School’s out, school’s out!

School’s out, school’s out, teacher let the monkeys out! Those that didn’t leave on their own free will, thta is. I’d do a comprehensive review of the class, and maybe I still will, but I think this says it all. There were 36 people enrolled. By the time the second afternoon break was over, 14 remained.
I got addresses of a few useful Web sites, but they’re in my car and I’m not. I’ll post those later this week.

I’d post all the new secrets I learned so my readers didn’t have to take the class, but frankly I didn’t learn anything that isn’t already common knowledge. I think I’ll post some of the things that were left out though.

Like this: If you don’t want a particular NT/2000 workstation to participate in browser elections or force elections, shut off the Computer Browser service. This will reduce network traffic and give a very slight increase in workstation performance. Remember, you need to have one browse master and three backup browsers per network segment, so be sure to leave the service enabled on four machines per network segment.

If you don’t want your 95/98/Me PCs participating, go into the properties of the File and Print Sharing for Microsoft Networks and clear the Participate in Browser Elections checkbox. You don’t want one of those machines serving as a browse master.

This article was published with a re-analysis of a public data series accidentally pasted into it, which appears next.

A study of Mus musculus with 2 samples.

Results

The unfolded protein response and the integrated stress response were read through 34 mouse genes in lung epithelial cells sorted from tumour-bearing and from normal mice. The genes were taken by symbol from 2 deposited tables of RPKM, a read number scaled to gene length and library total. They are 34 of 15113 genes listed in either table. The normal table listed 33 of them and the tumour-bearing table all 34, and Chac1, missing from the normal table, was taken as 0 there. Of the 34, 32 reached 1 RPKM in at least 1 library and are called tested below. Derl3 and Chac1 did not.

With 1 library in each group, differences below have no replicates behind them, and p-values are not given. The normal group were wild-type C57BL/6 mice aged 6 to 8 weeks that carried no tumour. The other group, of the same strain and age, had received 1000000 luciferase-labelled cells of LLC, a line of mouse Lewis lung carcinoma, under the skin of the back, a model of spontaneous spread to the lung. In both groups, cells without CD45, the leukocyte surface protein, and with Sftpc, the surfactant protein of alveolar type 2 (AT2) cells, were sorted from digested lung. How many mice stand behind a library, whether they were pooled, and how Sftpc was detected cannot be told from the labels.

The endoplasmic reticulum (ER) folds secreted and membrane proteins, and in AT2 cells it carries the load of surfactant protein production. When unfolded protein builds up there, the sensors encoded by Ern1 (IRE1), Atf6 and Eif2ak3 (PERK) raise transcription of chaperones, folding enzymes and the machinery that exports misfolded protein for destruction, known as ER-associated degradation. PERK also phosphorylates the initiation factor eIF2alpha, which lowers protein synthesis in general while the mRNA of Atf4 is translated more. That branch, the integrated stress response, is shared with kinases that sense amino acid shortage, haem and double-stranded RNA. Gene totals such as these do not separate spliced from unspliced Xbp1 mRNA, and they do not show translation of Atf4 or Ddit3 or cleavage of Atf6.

2 thoughts on “School’s out, school’s out!

  • May 16, 2001 at 10:19 pm
    Permalink

    Dave,

    i used to give courses (useful ones i thought). generally, a small percentage of the participants were ‘tourists’ on holiday from their day jobs.

    they were easy to spot; last row, glazed eyes, slack jawed 🙂

    didnt bother me, as long as they didnt get in the way of those who came to learn.

    Tim.

  • May 16, 2001 at 11:26 pm
    Permalink

    Probably some of them were in that boat. I don’t want to sound like a kiss-up, but I figured with my employer ponying up all that money for me to be there, I’d better get whatever usefulness I could out of the class, or at least try as hard as I could if I didn’t get anything.

    I know one group of five were extremely knowledgeable, and I could tell from their early questions they were fishing to see whether the instructor really knew her stuff, or if she was regurgitating propaganda. They didn’t come back from the first break Tuesday morning.